Only a handful of tropical storms have formed off of the southeastern US coast in early July since 1851. Reaching hurricane intensity is even more rare and an incredible nuisance for the Independence Holiday. But that’s what we have now and it appears Arthur may be stronger than first expected. It looked like it was trying to evacuate an eye as the last visible satellite image late afternoon.
The 2013 season may have started with two named storms in June, but it wasn’t until September 11th when the first hurricane intensity was achieved with Humberto in the eastern Atlantic.
Officials ordered a mandatory evacuation of Hatteras Island starting at 5 a.m. Thursday. Home to the famous Cape Hatteras Lighthouse, the island is a narrow spit of land, and the two-lane North Carolina Highway 12 is the only way to the mainland other than ferries to the south. Twice in recent years, storm-driven waves have sliced N.C. 12, rendering it impassable.
A voluntary evacuation was announced earlier for the Outer Banks' Ocracoke Island, which is accessible only by ferry.
Hurricane Alberto is currently sitting over very warm water of the Gulf Stream, with very light winds aloft allowing for rapid development. With the center identified with more precision now, this gives a better understanding of how close the impact will be on the coast. The location appears to be a little farther west, meaning a greater impact along the coastline.
Note that this a just a slight adjustment and forecast tracks show a cone of error with possible shifts along the way. But the latest outlooks does have a lock with landfall near Morehead City and then along Cape Hatteras or slightly inland in North Carolina, but still curving out to the Atlantic south of Virginia Beach. A trip farther inland would bring hurricane force winds to a larger area, but also weaken the storm. Moderate storm surge would lead to flooding and beach erosion on OBX, but a wider risk of isolated tornadoes might chase more people to evacuate.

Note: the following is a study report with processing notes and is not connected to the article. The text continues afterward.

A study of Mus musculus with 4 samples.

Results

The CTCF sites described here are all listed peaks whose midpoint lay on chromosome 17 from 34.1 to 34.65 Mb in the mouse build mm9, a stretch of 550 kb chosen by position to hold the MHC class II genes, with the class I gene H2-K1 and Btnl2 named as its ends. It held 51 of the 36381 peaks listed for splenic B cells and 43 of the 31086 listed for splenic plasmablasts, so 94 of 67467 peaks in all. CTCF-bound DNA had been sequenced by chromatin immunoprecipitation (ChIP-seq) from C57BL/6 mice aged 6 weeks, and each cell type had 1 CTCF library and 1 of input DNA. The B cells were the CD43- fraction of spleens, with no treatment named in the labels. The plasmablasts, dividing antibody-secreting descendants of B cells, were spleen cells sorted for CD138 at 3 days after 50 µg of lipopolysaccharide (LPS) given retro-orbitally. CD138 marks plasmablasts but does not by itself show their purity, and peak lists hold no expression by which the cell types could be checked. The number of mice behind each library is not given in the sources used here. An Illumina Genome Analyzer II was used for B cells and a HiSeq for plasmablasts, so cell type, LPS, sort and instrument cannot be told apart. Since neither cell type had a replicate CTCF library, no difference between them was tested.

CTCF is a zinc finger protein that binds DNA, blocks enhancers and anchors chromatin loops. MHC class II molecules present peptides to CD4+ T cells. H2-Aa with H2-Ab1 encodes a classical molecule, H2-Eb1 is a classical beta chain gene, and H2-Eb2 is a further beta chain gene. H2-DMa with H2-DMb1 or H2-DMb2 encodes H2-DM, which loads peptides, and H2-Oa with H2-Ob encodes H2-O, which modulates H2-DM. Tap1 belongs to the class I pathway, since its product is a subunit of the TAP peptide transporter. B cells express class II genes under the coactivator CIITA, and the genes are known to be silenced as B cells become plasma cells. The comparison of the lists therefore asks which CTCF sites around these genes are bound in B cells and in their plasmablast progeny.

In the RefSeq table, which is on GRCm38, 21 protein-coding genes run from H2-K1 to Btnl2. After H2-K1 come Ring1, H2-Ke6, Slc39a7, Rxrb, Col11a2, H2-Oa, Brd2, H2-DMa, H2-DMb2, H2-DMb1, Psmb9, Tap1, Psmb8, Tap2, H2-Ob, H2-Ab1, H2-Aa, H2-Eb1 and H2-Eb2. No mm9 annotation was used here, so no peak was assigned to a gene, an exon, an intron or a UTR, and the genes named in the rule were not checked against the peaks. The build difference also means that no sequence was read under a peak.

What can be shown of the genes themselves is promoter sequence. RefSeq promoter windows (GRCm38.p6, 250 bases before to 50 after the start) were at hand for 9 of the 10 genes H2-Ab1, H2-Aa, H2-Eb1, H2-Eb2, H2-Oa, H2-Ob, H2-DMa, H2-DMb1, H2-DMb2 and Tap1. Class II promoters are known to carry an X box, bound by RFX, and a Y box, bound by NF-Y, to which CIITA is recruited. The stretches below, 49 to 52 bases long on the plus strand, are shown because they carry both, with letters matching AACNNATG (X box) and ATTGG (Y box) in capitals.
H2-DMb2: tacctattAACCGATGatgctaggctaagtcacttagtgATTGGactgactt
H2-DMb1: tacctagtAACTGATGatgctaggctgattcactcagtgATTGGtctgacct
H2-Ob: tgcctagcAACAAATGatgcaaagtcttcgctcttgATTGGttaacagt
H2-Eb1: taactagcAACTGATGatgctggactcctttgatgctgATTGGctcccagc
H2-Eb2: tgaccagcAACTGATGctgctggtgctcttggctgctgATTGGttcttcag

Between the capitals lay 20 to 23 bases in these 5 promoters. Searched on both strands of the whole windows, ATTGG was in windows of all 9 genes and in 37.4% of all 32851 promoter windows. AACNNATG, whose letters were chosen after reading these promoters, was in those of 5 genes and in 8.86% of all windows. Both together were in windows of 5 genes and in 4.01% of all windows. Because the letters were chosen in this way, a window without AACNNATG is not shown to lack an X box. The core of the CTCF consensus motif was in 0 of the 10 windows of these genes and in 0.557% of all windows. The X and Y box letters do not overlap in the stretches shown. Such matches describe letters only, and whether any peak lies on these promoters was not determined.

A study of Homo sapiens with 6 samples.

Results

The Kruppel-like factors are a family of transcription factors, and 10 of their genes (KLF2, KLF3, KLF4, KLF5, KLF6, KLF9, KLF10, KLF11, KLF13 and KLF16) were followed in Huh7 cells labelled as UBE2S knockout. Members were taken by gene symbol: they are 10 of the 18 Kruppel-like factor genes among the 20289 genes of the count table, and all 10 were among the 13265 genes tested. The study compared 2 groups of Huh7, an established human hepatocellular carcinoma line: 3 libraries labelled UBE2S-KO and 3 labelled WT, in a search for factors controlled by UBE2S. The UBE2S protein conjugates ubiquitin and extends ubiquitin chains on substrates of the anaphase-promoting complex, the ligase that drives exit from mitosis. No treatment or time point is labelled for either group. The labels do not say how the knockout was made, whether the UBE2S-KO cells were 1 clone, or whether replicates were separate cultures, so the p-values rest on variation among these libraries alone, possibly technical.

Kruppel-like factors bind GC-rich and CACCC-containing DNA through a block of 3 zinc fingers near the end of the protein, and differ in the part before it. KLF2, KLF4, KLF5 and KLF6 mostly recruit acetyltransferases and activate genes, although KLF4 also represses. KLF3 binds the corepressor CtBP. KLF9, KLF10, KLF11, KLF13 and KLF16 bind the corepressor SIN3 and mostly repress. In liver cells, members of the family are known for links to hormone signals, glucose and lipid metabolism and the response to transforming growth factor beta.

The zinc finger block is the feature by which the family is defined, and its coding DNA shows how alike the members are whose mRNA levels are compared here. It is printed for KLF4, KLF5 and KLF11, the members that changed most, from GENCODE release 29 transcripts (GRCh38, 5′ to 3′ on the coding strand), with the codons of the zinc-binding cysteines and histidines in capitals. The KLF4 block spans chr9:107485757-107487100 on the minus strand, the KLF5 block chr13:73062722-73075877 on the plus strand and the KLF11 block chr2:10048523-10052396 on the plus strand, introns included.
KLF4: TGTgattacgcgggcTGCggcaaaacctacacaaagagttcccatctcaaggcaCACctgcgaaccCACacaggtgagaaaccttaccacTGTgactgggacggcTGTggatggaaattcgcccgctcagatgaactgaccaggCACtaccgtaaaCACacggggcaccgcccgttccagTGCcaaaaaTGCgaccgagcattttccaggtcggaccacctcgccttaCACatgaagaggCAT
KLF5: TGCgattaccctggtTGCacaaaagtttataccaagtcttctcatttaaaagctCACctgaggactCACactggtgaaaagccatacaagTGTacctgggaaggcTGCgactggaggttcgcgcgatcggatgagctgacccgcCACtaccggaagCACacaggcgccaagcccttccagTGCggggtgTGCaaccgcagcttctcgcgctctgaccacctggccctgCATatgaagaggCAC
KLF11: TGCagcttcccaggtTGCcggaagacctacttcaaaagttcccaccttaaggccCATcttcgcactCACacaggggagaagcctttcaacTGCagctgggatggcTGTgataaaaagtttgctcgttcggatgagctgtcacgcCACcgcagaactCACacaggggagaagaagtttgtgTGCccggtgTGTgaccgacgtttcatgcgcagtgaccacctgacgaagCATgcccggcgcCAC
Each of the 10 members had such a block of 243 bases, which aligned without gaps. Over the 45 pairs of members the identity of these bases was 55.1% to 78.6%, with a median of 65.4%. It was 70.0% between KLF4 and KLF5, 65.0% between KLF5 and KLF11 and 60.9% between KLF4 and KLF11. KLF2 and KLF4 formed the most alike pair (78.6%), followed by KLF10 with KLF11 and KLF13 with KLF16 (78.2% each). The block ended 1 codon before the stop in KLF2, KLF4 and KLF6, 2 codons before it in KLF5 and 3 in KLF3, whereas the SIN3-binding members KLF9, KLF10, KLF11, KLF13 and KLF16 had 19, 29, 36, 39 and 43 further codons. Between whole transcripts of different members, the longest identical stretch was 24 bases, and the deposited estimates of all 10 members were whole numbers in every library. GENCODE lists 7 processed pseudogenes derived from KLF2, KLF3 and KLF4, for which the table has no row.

Conditions will degrade all day and evening, but landfall will be after midnight into Friday morning. The worst conditions will be at daybreak on July 4th, then the storm moves out to sea with an improvement into the afternoon.
Initially Arthur was expected to just barely reach Category 1 intensity with 75 mph winds. Since the storm is already there and has another 20+ hours to grow, it could reach Category 2 as suggested by a few computer model outlooks.
SUMMARY OF 500 AM EDT...0900 UTC...INFORMATION
ABOUT 340 MI...545 KM SW OF CAPE HATTERAS NORTH CAROLINA
ABOUT 190 MI...305 KM SSW OF CAPE FEAR NORTH CAROLINA
MAXIMUM SUSTAINED WINDS...75 MPH...120 KM/H
PRESENT MOVEMENT...N OR 10 DEGREES AT 9 MPH...15 KM/H
MINIMUM CENTRAL PRESSURE...985 MB...29.09 INCHES
Watches and Warnings are posted below...
Prior Arthur reports:
CHANGES WITH THIS ADVISORY...
THE HURRICANE WARNING HAS BEEN EXTENDED NORTHWARD FROM DUCK NORTH
CAROLINA TO THE NORTH CAROLINA/VIRGINIA BORDER.
SUMMARY OF WATCHES AND WARNINGS IN EFFECT...
A HURRICANE WARNING IS IN EFFECT FOR...
* SURF CITY NORTH CAROLINA TO THE NORTH CAROLINA/VIRGINIA BORDER
* PAMLICO SOUND
* EASTERN ALBEMARLE SOUND
A HURRICANE WATCH IS IN EFFECT FOR...
* LITTLE RIVER INLET TO SOUTH OF SURF CITY
A TROPICAL STORM WARNING IS IN EFFECT FOR...
* SOUTH SANTEE RIVER SOUTH CAROLINA TO SOUTH OF SURF CITY
* THE NORTH CAROLINA/VIRGINIA BORDER TO CAPE CHARLES LIGHT
VIRGINIA...INCLUDING THE MOUTH OF THE CHESAPEAKE BAY
* WESTERN ALBEMARLE SOUND
A HURRICANE WARNING MEANS THAT HURRICANE CONDITIONS ARE EXPECTED
SOMEWHERE WITHIN THE WARNING AREA. PREPARATIONS TO PROTECT LIFE
AND PROPERTY SHOULD BE RUSHED TO COMPLETION.
A HURRICANE WATCH MEANS THAT HURRICANE CONDITIONS ARE POSSIBLE
WITHIN THE WATCH AREA. ANY DEVIATION OF THE FORECAST TRACK TO THE
LEFT...OR AN INCREASE IN THE FORECAST SIZE OF ARTHUR WOULD LIKELY
REQUIRE THE ISSUANCE OF HURRICANE WARNINGS FOR ALL OR PART OF THE
HURRICANE WATCH AREA.
A TROPICAL STORM WARNING MEANS THAT TROPICAL STORM CONDITIONS ARE
EXPECTED SOMEWHERE WITHIN THE WARNING AREA.